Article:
TULSA, Oklahoma - Thousands of athletes and fans are in Tulsa for the USA BMX Grand National, sometimes called the "Super Bowl" of BMX racing.

The professional championship finals started Saturday afternoon at the Expo Square.

The average race lasts about 35 seconds, but many of the athletes say the sport is about much more than speed.

For the 3,000 athletes at the USA BMX Grand National, getting out the gate is the moment they wait for.

"You're trying to get out of the gate as quick as possible,” explained BMX athlete Peyton Stepson. “You wanna be the first one out and into that turn. When you're the first one to that turn, you've got the advantage."

Olympic bronze medalist Donny Robinson, from California, went through the gate one last time Saturday for his retirement race.

"I've been very thankful to be able to experience what I have,” said Robinson. “It's such an amazing family sport."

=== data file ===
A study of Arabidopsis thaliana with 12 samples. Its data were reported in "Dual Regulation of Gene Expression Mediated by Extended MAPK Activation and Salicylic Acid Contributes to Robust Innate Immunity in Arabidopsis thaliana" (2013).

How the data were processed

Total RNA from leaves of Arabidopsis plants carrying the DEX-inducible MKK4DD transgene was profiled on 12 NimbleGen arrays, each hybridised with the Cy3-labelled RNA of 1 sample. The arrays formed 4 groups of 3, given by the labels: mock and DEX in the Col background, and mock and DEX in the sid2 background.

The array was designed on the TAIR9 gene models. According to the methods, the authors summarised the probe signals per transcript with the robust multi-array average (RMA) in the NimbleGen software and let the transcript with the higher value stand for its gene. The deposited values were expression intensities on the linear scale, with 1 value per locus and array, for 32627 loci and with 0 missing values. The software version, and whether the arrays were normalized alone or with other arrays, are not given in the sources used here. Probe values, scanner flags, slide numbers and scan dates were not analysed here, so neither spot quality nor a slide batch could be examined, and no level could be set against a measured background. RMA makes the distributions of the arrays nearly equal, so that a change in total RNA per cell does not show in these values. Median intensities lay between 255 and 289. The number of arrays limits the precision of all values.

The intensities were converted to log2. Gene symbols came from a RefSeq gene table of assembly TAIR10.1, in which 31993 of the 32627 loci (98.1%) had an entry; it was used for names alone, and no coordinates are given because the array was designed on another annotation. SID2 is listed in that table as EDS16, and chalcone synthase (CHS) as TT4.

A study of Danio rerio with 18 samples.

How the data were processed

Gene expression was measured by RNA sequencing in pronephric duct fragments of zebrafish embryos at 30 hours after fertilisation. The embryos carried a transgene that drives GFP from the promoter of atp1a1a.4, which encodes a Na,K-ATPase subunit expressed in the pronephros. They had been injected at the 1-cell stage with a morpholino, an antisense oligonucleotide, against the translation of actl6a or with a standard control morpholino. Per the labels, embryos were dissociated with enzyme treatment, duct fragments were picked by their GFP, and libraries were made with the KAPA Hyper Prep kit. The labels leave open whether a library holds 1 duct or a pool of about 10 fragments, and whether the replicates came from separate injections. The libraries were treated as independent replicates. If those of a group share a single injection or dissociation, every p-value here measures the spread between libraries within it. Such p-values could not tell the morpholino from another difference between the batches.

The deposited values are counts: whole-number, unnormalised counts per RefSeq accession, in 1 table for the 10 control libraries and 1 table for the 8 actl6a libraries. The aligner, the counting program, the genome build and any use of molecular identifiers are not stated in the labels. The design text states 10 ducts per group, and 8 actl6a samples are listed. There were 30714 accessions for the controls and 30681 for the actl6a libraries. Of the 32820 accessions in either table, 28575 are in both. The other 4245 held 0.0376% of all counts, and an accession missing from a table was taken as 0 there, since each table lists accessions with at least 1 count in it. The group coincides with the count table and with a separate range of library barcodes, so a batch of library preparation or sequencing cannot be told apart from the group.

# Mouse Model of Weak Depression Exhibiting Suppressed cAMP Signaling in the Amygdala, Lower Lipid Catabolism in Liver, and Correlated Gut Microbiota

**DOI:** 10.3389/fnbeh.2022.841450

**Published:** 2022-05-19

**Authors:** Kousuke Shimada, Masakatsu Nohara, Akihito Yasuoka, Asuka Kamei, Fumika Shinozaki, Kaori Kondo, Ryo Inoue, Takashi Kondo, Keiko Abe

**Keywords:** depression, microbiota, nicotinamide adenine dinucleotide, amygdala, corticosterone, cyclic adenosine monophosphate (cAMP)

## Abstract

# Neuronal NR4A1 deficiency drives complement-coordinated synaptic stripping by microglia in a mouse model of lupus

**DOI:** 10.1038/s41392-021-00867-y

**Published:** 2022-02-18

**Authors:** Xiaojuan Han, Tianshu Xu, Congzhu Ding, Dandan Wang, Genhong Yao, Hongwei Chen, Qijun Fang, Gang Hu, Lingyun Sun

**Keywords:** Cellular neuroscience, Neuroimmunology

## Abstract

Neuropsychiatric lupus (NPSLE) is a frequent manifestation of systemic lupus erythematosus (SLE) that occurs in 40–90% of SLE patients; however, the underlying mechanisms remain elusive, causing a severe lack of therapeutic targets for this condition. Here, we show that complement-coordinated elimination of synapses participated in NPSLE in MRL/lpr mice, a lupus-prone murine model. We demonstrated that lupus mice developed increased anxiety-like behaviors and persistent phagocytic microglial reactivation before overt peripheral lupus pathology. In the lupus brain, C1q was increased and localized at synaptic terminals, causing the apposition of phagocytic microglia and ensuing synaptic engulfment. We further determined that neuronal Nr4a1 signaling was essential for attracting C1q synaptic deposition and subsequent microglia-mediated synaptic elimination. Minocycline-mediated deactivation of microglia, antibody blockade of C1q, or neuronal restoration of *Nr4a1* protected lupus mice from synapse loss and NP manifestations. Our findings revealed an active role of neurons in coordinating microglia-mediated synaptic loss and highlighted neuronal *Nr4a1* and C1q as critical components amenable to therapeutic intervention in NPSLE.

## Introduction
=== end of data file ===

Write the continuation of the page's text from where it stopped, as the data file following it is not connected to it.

But Stepson, from Tulsa, is just beginning her career. She says while it may look like the athletes are gliding through the course, it doesn't come without challenges.

"You're going over obstacles,” she stated. “They're usually about three or four-foot tall, and being 5"2', it's a little interesting."

Stepson is 13 years old, but some athletes at the event are only two years old.

Robinson won his bronze in 2008 at the Olympics in Beijing and has some advice just for them.

"Just have fun,” he said. “That's why we all started. The competitor in us will take over, but the family time, the belief, the self-confidence that bike riding gives us is unmatched by anything else."

No matter how much experience athletes have, they can still fall down. What happens next is what matters most.

"Gotta get back up and keep going!" said competitor Riley Hagar.